In a crackdown, the income tax (IT) department in Punjab has attached benami properties worth Rs 417 crore in the past year. IT officials said here on Wednesday that this is 10% of such properties valued at Rs 4,500 crore attached across India.

The Benami Transactions (Prohibition) Amendment Act, 2016, is aimed at curbing black money transaction in real estate dealings. The stringent provisions of the Act calls for the beneficial owner or benamidar and any other person who abets or induces any person to enter into a benami transaction with rigorous imprisonment up to seven years and a fine of 25% of the fair market value of the property attached.

As many as 2,240 plots measuring 7.7 lakh square yards were attached in Punjab in 2017-18, the first financial year since the inception of the Act.


In a case involving a coloniser with properties over 150 acres in benami names in Hoshiarpur, the entire property was attached under Section 24 (4) of the Prohibition of Benami Property Transactions Act, 1988. After confirmation by the IT appellate, it became the first such property in the country to be confiscated.

The government can now auction the confiscated property. An authority set up under the Prevention of Money Laundering Act (PMLA) is adjudicating benami cases and orders have to be passed within a year of attachment of the property. If the attachment is upheld, the IT department confiscates the property.

In another case of colonisers in Ludhiana and Amritsar, plots worth Rs 50 crore were attached. In these cases, the property was bought in the name of employees with meagre earnings and working on the instructions of the beneficial owner or the employer. In most such cases, the benamidars have filed affidavits stating they were ignorant of the purchase of such properties in their names and have no objection if the government takes over the properties.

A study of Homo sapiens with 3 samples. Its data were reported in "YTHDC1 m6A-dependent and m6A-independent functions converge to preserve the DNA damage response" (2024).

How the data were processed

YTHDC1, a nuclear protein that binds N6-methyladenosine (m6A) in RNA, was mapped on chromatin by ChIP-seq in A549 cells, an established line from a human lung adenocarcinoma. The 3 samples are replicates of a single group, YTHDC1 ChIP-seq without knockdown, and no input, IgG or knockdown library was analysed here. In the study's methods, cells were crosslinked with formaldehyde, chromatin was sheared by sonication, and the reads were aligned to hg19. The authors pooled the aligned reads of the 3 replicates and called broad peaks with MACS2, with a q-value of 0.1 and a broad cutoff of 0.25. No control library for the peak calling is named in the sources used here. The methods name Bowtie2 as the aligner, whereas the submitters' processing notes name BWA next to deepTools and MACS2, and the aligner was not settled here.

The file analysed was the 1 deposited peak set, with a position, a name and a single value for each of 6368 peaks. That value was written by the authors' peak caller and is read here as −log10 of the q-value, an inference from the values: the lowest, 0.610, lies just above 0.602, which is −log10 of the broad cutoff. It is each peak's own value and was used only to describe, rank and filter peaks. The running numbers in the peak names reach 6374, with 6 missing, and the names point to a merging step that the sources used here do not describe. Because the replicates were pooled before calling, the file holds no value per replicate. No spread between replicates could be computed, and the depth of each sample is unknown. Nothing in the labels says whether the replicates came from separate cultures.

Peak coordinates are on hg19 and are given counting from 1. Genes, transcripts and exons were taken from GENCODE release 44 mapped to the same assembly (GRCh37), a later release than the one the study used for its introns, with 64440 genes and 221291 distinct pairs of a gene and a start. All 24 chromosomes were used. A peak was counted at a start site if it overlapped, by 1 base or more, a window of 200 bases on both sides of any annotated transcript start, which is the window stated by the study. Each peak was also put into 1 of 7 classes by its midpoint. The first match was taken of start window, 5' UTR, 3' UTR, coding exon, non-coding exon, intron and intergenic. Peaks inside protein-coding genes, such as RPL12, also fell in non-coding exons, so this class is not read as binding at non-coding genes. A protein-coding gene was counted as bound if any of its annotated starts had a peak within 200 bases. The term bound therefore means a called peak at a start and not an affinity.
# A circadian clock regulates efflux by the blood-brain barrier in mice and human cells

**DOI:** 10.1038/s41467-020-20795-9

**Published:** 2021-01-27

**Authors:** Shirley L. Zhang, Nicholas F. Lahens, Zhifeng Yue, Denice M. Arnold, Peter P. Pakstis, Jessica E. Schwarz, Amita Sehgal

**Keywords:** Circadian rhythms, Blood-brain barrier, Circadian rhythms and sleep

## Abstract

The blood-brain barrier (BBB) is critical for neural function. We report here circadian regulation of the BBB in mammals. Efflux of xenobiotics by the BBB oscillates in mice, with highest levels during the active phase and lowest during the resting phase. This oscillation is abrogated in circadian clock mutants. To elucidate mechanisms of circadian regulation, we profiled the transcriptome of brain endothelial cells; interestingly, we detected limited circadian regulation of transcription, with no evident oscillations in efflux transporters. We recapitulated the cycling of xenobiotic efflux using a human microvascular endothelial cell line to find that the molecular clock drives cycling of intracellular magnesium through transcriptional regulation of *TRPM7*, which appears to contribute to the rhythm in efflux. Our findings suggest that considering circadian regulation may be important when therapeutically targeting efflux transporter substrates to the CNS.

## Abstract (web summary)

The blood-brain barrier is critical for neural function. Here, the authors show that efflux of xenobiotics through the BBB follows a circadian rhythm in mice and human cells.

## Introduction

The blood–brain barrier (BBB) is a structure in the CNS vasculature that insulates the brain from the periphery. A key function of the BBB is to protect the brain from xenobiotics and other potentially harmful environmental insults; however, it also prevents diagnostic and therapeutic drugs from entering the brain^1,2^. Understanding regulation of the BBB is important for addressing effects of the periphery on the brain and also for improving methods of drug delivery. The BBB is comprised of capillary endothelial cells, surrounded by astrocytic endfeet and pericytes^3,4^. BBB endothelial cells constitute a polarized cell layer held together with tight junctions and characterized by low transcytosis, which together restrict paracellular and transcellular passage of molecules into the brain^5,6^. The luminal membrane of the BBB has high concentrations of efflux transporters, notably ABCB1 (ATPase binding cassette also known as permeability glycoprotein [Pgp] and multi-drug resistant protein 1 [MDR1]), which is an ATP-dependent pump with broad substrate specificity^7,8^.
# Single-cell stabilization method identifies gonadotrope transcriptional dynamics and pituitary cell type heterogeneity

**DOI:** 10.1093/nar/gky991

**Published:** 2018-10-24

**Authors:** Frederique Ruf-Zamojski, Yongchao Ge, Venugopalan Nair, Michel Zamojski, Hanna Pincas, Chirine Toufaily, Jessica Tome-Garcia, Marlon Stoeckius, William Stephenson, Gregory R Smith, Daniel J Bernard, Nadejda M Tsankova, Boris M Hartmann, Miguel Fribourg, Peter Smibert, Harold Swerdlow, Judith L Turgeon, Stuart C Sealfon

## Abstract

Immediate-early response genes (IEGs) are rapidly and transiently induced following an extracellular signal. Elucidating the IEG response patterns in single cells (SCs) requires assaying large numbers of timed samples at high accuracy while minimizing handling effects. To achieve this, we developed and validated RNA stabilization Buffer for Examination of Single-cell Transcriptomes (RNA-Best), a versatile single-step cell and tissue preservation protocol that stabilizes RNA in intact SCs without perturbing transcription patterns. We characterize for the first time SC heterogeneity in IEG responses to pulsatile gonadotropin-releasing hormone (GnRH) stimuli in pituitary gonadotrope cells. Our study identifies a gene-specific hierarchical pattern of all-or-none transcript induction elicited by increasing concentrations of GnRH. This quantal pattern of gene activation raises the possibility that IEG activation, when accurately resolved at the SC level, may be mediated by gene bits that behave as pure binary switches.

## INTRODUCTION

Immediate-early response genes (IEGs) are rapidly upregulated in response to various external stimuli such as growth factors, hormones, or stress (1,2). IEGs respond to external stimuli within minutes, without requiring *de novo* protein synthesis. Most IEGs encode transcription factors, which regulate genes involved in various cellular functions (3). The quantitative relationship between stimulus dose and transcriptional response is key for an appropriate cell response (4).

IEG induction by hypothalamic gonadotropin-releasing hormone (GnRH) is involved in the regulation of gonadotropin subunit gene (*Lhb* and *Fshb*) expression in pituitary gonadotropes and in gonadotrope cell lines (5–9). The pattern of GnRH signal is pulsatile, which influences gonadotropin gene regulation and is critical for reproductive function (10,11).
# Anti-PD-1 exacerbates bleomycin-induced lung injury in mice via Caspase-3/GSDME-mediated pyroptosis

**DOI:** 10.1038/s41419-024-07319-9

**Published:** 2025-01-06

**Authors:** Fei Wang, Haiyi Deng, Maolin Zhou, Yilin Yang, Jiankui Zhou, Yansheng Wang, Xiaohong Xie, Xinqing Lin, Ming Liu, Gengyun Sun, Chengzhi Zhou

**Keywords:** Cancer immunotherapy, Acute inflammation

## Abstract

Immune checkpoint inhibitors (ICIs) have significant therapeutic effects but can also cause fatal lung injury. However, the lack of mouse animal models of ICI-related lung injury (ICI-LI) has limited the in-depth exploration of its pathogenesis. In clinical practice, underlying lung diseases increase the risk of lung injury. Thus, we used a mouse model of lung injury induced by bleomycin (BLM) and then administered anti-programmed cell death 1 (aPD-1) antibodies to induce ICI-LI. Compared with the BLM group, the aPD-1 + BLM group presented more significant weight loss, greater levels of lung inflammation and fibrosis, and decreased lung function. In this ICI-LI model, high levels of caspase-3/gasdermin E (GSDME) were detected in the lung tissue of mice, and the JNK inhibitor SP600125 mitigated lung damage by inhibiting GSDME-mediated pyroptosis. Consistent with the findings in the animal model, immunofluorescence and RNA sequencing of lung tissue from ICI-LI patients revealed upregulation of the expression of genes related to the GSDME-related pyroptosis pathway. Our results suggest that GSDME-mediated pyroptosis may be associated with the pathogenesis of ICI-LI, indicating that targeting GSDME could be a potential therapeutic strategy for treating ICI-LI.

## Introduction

The IT department has set up 24 benami prohibition units to implement the Act across the country barring Jammu and Kashmir.


The Benami Transactions (Prohibition) Act is in effect since May 19, 1988, but the rules were not prescribed hence the Act could not be administered. With the Benami Transactions (Prohibition) Amendment Act, 2016, coming into force since November 1, 2016, the aim is to ensure that benami transactions for 28 years also don’t go unpunished.

Benami transaction is an arrangement where a property is transferred to (or is held by) a person, the consideration for such property has been provided (or paid) by another person and the property is held for the immediate or future benefit, direct or indirect, of the person who has provided the consideration.

The transaction is considered a benami transaction if the deals are in a fictitious name, the owner is unaware of or denies knowledge of the ownership or the person providing the consideration for the property is not traceable or unable to further give the sources of payment or income.

A suspected benamidar is served a notice on source of funds by an initiating officer. If the answer is unsatisfactory, action is initiated.